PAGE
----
MAR

Love Me, Love My Diet

Filed Under: Sexual Health at 9:03 am | By: Susan Coyle, Senior Editor
Couple CookingYou’re attractive, funny, smart and employed. You tell witty jokes, have amazing stories and listen attentively. You’ve never had a problem with body odor or bad breath, and you’ve been told, by people other than your mother, that you’ll make someone very happy someday. But you can’t seem to hold onto a potential mate. You go on a first date, have dinner, share some laughs and enjoy yourself tremendously. You think the feeling is mutual, but at the end of the night, there’s no promise of a call, no let’s do this again. There’s a peck on the cheek and a door in the face.

What’s the problem? No idea? Well, I have one: your eating habits.

In today’s society, we are defined by what we eat.  Our lives revolve around the restrictions, or lack there of, in our diets. Some of us are vegans; some are vegetarians; and some are unabashed carnivores. Some of us refuse dairy; some avoid gluten; and some shun vegetables. Whatever our preference, what we will and will not put into our stomachs is a mirror of who we are. If that image is unappealing to the man or woman we are dating, the relationship seems doomed, and so we date accordingly. Vegans refuse anyone who has ever looked the wrong way at a living being. Carnivores shy away from the animal activists. Celiacs are dumped by the bread-loving, and the bland are tossed aside by the adventurous. But it doesn’t have to be that way. We can overcome our food obstacles, with a little bit of experimentation.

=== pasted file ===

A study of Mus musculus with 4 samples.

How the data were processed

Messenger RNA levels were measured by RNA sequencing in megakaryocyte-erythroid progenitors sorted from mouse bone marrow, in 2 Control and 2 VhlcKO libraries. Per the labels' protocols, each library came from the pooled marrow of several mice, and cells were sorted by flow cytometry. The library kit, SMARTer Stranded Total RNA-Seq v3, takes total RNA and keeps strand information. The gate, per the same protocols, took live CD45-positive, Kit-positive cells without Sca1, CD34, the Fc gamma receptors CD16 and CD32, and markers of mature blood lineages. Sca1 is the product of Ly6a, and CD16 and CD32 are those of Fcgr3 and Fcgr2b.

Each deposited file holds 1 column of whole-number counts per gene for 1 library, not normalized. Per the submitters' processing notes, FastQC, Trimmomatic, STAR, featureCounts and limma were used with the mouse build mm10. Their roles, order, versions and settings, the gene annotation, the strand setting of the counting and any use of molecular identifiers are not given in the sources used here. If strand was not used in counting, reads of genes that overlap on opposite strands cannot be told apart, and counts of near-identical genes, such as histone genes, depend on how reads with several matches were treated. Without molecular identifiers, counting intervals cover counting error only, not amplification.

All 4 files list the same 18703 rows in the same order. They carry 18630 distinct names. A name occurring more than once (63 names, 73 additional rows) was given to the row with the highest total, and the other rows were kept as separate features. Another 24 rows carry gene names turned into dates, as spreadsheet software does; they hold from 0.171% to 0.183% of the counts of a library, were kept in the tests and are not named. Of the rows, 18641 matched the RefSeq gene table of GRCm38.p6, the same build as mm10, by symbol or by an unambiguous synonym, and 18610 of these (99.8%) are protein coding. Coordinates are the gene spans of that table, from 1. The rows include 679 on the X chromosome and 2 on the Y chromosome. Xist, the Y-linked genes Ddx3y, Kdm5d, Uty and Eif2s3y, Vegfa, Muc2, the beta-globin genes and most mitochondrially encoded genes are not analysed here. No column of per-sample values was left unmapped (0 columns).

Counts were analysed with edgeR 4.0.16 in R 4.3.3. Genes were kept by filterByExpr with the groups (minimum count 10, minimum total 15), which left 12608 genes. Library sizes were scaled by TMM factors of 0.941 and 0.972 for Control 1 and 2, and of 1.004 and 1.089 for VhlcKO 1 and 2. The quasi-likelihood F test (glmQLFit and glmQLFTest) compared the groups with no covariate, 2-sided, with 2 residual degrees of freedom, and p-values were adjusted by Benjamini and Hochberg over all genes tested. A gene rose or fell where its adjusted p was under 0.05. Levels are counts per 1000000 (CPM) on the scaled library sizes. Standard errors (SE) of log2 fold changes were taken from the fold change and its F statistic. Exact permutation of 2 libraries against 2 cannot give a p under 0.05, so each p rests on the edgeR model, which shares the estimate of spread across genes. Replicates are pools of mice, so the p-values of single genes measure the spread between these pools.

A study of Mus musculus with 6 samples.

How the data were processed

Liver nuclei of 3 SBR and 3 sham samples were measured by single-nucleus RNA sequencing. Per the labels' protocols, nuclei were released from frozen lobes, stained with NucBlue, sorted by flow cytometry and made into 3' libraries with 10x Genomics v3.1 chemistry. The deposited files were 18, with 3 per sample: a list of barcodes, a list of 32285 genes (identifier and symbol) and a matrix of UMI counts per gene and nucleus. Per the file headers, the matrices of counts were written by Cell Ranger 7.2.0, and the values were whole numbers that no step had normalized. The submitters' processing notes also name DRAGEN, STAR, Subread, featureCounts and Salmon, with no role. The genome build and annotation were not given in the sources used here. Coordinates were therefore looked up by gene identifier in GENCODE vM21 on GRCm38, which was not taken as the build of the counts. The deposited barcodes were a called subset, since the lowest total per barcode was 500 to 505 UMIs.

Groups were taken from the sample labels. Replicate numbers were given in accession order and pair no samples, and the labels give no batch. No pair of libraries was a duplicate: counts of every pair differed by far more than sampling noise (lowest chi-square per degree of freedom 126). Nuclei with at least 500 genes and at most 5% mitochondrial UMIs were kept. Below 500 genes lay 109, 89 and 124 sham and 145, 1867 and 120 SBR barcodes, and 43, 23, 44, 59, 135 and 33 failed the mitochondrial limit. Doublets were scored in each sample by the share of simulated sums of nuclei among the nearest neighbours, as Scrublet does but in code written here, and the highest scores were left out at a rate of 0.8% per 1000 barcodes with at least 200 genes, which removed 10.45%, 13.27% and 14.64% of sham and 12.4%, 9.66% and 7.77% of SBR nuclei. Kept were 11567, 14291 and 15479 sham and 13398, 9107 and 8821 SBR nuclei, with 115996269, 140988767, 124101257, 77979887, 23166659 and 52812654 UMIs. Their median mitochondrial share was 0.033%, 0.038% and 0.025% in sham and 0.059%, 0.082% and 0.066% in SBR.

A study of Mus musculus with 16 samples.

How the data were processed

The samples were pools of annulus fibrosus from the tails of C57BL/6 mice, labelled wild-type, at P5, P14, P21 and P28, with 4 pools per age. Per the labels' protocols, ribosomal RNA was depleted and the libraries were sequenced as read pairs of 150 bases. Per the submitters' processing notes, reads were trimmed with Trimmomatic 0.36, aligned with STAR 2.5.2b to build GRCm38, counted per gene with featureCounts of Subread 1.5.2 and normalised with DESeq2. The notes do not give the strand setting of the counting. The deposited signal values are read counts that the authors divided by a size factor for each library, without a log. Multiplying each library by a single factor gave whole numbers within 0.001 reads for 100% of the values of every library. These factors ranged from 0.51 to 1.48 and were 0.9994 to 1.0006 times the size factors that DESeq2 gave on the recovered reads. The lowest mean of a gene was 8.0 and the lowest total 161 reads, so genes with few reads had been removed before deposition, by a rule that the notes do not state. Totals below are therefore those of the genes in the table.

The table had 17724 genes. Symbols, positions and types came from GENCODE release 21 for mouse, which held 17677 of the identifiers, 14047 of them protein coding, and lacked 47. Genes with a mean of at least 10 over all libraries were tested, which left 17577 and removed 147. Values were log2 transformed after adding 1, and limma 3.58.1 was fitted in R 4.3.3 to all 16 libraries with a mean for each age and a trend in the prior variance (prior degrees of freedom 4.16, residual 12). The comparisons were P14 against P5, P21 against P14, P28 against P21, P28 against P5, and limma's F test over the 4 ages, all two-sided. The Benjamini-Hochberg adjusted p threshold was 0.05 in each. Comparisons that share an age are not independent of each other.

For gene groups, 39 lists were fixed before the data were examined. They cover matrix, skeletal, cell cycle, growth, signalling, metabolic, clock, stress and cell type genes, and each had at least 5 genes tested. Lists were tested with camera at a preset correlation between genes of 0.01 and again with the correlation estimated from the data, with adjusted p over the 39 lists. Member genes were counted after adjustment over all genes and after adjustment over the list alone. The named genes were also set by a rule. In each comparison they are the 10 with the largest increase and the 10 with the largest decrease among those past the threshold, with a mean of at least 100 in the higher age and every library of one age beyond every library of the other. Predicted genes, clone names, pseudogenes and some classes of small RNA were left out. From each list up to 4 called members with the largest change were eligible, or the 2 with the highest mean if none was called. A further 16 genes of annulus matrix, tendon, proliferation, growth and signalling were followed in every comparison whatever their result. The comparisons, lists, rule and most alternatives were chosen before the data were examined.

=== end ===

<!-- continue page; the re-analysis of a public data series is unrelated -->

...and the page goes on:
If you are open to trying new things, sampling different dishes and making a few sacrifices, your diet won’t be the downfall of your relationship. Anything from gluten-free food to an all-vegan dinner can taste delicious if cooked properly. You’d be surprised how satisfying a three-bean chili can be when there’s no sirloin mixed in. And who knows, maybe tofu does taste just like chicken. You’ll never know if you don’t get into the kitchen and experiment. So use your differences to come together. Create dishes as a couple that you both can eat. If in the end you truly can’t find meals that meet both of your needs . . . you have separate closets why not separate cabinets?